Barn and Cow for Homesteading for Beginners Guide

Homesteading: The Beginners Guide



The Beginners Guide to Homesteading

  • Homesteading is beneficial in many ways because it can help you grow relationships, eat healthier, and save money.
  • Last spring was our first year trying to dive onto homesteading full force. We tried to grow as much as we could ourselves. Much to our surprise we had success in raising egg layering chickens and c-monster. Our six 4×8 garden beds produced endlessly into the fall and the home grown food tasted so much better then what we bought at the store.

What is Homesteading

  • Homesteading comes from the Homestead Act of 1862. Trying to settle the west, many people including women and slaves, who applied at a very little cost. All the homesteader had to do was build a home, improve the land, and live there for five years. So a homesteader is anyone who is motivated and committed to being self sufficient.
  • It is a lifestyle of being more sustainable, self sufficient, and often living a more simplified life. It is growing crops and preserving them for future use. To be sustainable you can have both male and female livestock to breed your own animals and you can harvest your own heirloom seeds to grow your own crops year after year. You can also create your own income from online businesses, making and selling handmade products, and selling livestock and produce.
  • Many people think that because it is simple it is also easy but that it is not true. While homesteading can bring you back to a more simplified slower pace of life, it is also be time consuming because you always have projects that need to be done and your animals that need to be fed, watered, and cleaned up after.

How to get started

  • Start small and grow slowly. Every new livestock you add, new plant you choose to grow, and new technique you decide to try will need your full time and attention in order for you to learn everything there is to know about that specific topic.
  • Make a list of your personal homesteading goals. When things get tough and you feel like your failing you can look back at your goals and see how much you have learned and accomplished. Then break down your HUGE goals down in to smaller more manageable tasks, or something that I have heard recently, breaking big daunting jobs down into J.O.B. (Just One Bite) chunks until that task or goal is completed.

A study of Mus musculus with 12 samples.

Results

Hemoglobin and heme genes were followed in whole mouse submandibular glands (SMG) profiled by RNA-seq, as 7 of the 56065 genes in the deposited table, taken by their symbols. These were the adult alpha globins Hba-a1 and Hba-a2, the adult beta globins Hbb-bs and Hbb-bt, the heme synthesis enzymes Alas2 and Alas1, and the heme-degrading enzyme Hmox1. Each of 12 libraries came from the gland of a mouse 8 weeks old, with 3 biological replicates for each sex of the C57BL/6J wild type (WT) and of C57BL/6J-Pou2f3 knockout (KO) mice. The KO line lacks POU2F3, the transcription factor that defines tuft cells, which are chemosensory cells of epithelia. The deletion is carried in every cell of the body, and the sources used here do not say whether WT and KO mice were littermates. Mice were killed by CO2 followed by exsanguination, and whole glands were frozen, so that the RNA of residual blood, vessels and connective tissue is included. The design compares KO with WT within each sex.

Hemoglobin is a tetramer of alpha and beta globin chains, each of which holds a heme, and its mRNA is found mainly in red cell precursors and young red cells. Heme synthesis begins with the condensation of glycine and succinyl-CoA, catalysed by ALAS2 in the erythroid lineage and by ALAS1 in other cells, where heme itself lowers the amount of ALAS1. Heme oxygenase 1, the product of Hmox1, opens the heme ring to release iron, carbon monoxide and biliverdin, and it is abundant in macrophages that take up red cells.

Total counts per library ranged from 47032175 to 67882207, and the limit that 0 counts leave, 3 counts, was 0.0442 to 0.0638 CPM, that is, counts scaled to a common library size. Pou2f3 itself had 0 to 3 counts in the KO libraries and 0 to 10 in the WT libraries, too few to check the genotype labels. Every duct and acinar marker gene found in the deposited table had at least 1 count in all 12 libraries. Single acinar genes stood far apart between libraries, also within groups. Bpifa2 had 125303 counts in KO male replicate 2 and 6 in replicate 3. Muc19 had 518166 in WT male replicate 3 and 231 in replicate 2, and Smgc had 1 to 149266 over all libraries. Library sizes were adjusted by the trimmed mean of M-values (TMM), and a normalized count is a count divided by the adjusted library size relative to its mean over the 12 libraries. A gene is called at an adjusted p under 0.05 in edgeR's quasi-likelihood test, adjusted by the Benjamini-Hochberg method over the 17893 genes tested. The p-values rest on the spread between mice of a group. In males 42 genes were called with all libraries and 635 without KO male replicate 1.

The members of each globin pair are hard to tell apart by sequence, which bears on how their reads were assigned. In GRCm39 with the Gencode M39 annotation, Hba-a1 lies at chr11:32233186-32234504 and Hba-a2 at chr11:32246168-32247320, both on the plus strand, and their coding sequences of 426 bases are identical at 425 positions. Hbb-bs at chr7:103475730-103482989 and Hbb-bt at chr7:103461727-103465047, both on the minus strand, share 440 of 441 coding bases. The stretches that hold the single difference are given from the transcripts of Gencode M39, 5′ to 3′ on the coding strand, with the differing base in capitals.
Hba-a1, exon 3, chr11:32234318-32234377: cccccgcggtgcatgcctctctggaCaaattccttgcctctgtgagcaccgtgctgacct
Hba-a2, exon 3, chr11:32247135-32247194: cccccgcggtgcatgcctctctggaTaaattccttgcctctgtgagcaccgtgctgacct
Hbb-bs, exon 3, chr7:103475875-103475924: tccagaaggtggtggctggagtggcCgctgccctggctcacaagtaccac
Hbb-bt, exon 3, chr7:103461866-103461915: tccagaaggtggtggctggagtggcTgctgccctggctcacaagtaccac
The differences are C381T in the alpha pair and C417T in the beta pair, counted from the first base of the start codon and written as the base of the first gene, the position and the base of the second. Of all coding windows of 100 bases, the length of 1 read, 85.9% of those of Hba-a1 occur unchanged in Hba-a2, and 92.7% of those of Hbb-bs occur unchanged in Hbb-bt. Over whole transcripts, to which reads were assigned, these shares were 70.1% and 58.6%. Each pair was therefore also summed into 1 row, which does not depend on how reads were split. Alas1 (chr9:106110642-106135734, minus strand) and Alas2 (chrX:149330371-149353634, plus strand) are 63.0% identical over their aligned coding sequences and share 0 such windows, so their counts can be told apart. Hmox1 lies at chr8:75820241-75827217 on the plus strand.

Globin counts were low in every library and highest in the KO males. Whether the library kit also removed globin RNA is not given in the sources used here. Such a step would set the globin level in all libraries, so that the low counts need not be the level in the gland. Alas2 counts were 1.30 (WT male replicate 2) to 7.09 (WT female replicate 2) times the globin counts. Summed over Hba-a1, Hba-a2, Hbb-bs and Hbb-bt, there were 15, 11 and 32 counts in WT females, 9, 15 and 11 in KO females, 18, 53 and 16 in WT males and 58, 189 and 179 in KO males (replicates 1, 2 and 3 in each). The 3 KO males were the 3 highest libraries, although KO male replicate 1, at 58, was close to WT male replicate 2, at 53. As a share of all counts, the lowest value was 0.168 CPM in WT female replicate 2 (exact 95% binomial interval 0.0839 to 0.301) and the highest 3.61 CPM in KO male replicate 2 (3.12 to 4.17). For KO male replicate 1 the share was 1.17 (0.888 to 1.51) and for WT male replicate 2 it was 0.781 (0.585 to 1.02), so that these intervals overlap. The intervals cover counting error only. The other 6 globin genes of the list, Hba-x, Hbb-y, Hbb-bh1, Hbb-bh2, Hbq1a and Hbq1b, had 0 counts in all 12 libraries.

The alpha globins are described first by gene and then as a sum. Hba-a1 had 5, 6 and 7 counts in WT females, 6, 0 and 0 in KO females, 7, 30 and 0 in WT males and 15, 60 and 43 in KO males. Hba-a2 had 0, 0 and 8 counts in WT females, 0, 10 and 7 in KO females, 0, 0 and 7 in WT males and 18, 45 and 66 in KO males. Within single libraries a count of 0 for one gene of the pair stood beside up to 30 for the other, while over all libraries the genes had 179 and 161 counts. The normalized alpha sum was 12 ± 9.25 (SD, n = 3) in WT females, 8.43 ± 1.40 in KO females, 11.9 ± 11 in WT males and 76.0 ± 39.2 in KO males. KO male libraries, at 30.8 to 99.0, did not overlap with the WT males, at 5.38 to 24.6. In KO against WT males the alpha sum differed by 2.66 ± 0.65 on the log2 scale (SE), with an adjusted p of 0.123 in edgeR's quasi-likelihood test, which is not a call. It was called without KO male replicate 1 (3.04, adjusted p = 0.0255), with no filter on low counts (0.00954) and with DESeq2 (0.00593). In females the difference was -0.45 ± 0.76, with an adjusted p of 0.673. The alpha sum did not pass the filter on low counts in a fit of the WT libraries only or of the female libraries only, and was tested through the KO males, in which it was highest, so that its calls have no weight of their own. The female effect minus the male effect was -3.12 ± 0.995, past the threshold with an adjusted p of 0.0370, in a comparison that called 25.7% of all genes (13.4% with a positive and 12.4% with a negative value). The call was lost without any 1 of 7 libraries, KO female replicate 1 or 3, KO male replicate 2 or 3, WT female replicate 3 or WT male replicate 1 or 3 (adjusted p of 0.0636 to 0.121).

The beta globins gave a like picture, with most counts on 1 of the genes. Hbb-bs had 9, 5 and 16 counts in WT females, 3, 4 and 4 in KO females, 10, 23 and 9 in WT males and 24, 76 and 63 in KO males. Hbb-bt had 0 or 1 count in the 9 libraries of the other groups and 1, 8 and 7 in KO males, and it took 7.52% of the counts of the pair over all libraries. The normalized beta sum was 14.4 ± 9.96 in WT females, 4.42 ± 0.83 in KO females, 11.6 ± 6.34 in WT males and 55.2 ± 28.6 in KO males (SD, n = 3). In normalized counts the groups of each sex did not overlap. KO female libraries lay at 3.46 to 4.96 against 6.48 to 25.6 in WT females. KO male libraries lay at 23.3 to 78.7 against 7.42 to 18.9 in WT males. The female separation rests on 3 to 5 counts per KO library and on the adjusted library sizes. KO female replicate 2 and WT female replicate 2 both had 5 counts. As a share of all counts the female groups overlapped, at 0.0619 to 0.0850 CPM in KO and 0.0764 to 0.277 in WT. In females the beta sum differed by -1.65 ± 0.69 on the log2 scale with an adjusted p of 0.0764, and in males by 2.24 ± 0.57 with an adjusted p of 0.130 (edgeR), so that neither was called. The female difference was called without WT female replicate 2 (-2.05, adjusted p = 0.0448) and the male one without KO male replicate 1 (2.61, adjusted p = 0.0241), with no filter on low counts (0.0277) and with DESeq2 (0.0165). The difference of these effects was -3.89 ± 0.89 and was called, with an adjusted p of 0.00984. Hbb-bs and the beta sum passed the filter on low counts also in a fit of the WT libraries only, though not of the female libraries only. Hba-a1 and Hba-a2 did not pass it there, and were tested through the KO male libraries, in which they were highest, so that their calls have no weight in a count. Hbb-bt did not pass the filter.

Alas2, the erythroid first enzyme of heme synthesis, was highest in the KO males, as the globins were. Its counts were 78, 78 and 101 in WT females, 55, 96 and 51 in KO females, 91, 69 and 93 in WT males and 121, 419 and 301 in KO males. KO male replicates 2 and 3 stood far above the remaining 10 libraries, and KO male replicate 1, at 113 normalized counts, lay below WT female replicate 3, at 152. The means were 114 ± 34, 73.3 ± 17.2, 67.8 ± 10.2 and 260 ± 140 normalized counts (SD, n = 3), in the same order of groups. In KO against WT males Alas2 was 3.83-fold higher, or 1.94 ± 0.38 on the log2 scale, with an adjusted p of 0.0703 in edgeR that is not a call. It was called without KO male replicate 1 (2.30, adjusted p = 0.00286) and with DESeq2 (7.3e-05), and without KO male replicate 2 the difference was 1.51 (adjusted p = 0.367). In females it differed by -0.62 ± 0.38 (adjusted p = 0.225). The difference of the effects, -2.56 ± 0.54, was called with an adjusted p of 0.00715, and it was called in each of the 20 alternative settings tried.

• To be successful you will need to start small, set realistic expectations, organize your projects, and you need to connect with other local homesteaders. Finding a mentor that can help encourage you on your journey will help you stick with it when things get tough. If you cant find a local mentor try reaching out on social media sites like Facebook and YouTube.

List of Homesteading Goals

  • Gardening
    • Compost Scraps
    • Vermiculture
    • Permaculture
    • Orchards of Fruit and Nut Trees
    • Natural Weeding and Pest Control
    • Compost Tea
    • Basic Gardening Tools
  • Livestock
    • Rainwater Catchment
    • Raise Meat (chicken, pigs, beef, rabbits, turkey, lamb)
    • Butchering Animals
    • Hunting and Fishing
    • Beekeeping
    • Milking (Cows and/or Goats)
    • Shearing Sheep
    • Trimming and Caring for Hooves
    • Prepare for Farm Emergencies and Births
    • Basic Breeding and Birthing of Animals
    • Incubating and Candling Eggs
    • Building Your Own Out Buildings and Shelters
    • Grow Your Own Animal Feed
  • Self-Sustaining Homesteading Skills
    • Cooking from Scratching
    • Eating Seasonally
    • Using Fresh Herbs and Spices
    • Cooking Outside
    • Using Cast Iron
    • Making preservatives, sauces, and broths
    • Make Homemade Bread
    • Making Cheese, Butter, and Yogurt
    • Making Cleaning Supplies
    • Carpentry and Welding Skills
    • Home Remedies with Herbs and Essential Oils
    • Making Laundry Detergent and Line Drying Clothes
    • Learn to Sew, Knit, Crochet, and/or Quilt
    • Making Soap, Deodorant, and Beauty Products
    • Learn about Cloth Diapering and Make Baby Bum Cream
    • Making Candles
    • Become a no waste household
    • Learn to Forage
    • Learn about Debt Free Living and Learn to Live Within Your Means
    • Learn how to work from home

Common Questions/FAQ About Homesteading

  • Can you make money homesteading?
    • You can make money by selling livestock, produce, handmade products, and from online businesses. There are so many ways to make money if your willing to think outside the box and get creative.
  • What is it like to be a homesteader?
    • Its hard work! But knowing what chemicals, antibiotics, or hormones were used in growing your food is worth the time and energy.
  • What makes a homestead?
    • A homestead is a place where food is grown and people learn skills once used by the great grandparents.
  • How to start homesteading right now?
    • Learning to make breads and cheese. Learning how to ferment, can, and dehydrate foods. You also can get a few pots from the dollar store and start growing some tomatoes and peppers.
  • Is homesteading popular in the U.S.?
    • Yes. It is gaining momentum. It is also known as modern farming or urban farming because people from the city (living in apartments) and the suburbs are finding ways to do it. If you don’t have land, no worries, its not an issue you can still homestead!
  • What are some basic skills you need to start homesteading?
    • You will need to know your goals and have realistic expectations because things will not always go as planned.

The Last Thing You Need to Know about Homesteading

  • Homesteading is a lot of hard work. The time and energy that goes into it is worth the reward of knowing that you are feeding your family healthy organic foods.